Net zero buildings, which are buildings that produce as much energy as they use, are gaining popularity throughout the world. The earth has a lot of energy to share with us, but actually harnessing that energy is a science that’s still developing. When people are willing to invest in energy manufacturing technologies, scientists gain what is otherwise unattainable inside a laboratory: real world examples in real world situations.
One of the greatest examples of diving deep and making a commitment to sustainability is Lady Bird Johnson Middle School in Irving, TX. By employing geothermal heating, solar panels, wind turbines, rain water harvesting, and smart solar management, the 152,000 square foot school is the largest public school in the country to obtain zero energy status.
They didn’t just dip their toe into producing energy, either, they dove right in. According to Architect Magazine, school officials spent roughly $3.75 million of their $30 million on the design strategies and energy-efficient technologies. So what does $3.75 million earn them? The typically middle school in Texas spends roughly $200,000 a year on energy and this new facility only costs $60,000 a year to operate.
A total of 53 geothermal wells that were 250 feet deep underground were used in the design, accommodating around 590 tons of air conditioning for the building. That totals over 50 miles of 1” pipe. Bosch FHP Geothermal Heat Pumps ranging from 1 to 20 tons were incorporated in the design in order to convert the heated or cooled water from the geothermal wells into conditioned air for the building.
A 65,000 square foot solar plant that contained almost 3,000 solar photovoltaic panels produces about 800,000 kWh per year. By employing all of these technologies, the building not only achieved the aforementioned zero energy status, it was also awarded as LEED Gold Certified.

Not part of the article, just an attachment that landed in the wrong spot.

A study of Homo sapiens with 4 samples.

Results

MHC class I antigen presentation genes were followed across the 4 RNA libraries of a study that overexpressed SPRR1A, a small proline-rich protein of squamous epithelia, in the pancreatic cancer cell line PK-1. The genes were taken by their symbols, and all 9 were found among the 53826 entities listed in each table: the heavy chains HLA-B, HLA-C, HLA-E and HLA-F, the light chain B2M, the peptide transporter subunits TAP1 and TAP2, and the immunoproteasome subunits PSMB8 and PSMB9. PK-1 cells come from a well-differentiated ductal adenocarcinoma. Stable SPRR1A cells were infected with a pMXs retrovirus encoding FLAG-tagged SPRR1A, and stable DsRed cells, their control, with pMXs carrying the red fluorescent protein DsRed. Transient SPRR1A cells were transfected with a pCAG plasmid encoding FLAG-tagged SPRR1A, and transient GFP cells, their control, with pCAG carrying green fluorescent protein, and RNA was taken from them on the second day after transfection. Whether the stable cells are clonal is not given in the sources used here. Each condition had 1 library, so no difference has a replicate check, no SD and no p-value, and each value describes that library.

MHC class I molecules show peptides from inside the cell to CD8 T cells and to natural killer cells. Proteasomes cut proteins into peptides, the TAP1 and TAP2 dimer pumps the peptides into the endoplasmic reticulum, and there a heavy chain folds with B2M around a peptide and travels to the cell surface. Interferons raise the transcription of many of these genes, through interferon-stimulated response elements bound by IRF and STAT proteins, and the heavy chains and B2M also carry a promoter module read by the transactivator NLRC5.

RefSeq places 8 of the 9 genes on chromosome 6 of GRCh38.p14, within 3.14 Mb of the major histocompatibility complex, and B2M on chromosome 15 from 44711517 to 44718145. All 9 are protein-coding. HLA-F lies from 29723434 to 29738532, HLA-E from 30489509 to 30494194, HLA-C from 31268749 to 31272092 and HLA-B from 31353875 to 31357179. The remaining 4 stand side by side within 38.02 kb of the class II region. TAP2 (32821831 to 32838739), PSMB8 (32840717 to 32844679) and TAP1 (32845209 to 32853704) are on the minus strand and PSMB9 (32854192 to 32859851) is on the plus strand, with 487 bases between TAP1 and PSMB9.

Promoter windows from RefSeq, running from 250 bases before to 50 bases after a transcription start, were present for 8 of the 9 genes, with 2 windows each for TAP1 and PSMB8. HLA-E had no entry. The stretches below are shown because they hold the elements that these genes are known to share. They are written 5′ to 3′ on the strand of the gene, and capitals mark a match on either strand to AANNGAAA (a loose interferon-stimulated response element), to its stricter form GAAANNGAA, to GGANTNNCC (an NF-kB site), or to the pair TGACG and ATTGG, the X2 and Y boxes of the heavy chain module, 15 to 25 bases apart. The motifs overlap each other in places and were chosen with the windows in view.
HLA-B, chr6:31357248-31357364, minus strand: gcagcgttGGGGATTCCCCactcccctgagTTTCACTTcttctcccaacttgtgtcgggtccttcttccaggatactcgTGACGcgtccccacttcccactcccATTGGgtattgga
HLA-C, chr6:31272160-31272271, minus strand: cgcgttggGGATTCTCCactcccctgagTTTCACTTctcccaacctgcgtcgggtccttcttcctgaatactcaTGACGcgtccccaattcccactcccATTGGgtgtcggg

For more info, check out the video below of the finished product:
I’ve been very fortunate over the course of my relatively short career in construction to spend time focusing on many different aspects of construction. I recently spent about two and a half years working in site development and Storm Water Pollution Prevention Plan (SWPPP) compliance on a national scale and I wanted to share some of the insights that I gained from that experience.
In 2016, Elon Musk and Tesla announced that they had developed an innovative solar roofing tile that looks almost identical to traditional roof shingles currently on the market. Standard solar panels look be large and clunky on a roof, which made many excited about a nearly “invisible” solar tile option. After 3 years, we recently got a major update into how the installations of the product is going.
On Thursday, April 18th, the New York City Council passed what they are calling “NYC’s Green New Deal,” which legislators hope will greatly reduce the city’s greenhouse gas emissions. In order to achieve those results, several mandates included in the legislation will have major effects on the construction and real estate industries.
Almost 7 years ago, construction began on the west side of Manhattan’s $20 billion mixed-use development. On March 15, 2019, Hudson Yards, as the development is known, has officially opened.
Mercedes-Benz Stadium, home to the NFL’s Atlanta Falcons, was completed in late 2017. The impressive structure had a hefty price tag of $1.4 billion, but it has already played host to several of the biggest events in sports, including the 2018 College Football National Championship and the recent 2019 NFL Superbowl. In addition to playing a large role in the sports world, it’s also playing a large role environmentally for the area surrounding the stadium.
A new 21-story apartment building proposed for Milwaukee, Wisconsin as received unanimous approval from the City Plan Commission. If built, the new tower could possibly be North America’s tallest mass timber building.
The USGBC recently released their 2018 ranking of the Top 10 US States for LEED construction, which is sorted by Gross Square Footage per Capita. That ranking system allows them to get a fair comparison of states, despite differences in population and number of buildings.
Tall buildings made with structural timber have been on the rise in Canada and European countries in recent years, but the United States has been slower to adopt the method due to code restrictions. The state of Oregon recently released an addendum to their building code to allow taller mass timber buildings in the state and an upcoming International Code Council (ICC) vote could encourage more states to follow suit.
You may have been sitting in your house or office one day and noticed the distinct sound of a bird hitting the window. It’s pretty common, as it’s estimated that as many as 988 million birds die in the US each year by colliding into glass. The new arena that will house the NBA’s Milwaukee Bucks has incorporated some design elements that will reduce the amount of birds killed by the massive structure, allowing it to be dubbed the “World’s Most Bird Friendly Sports Arena.”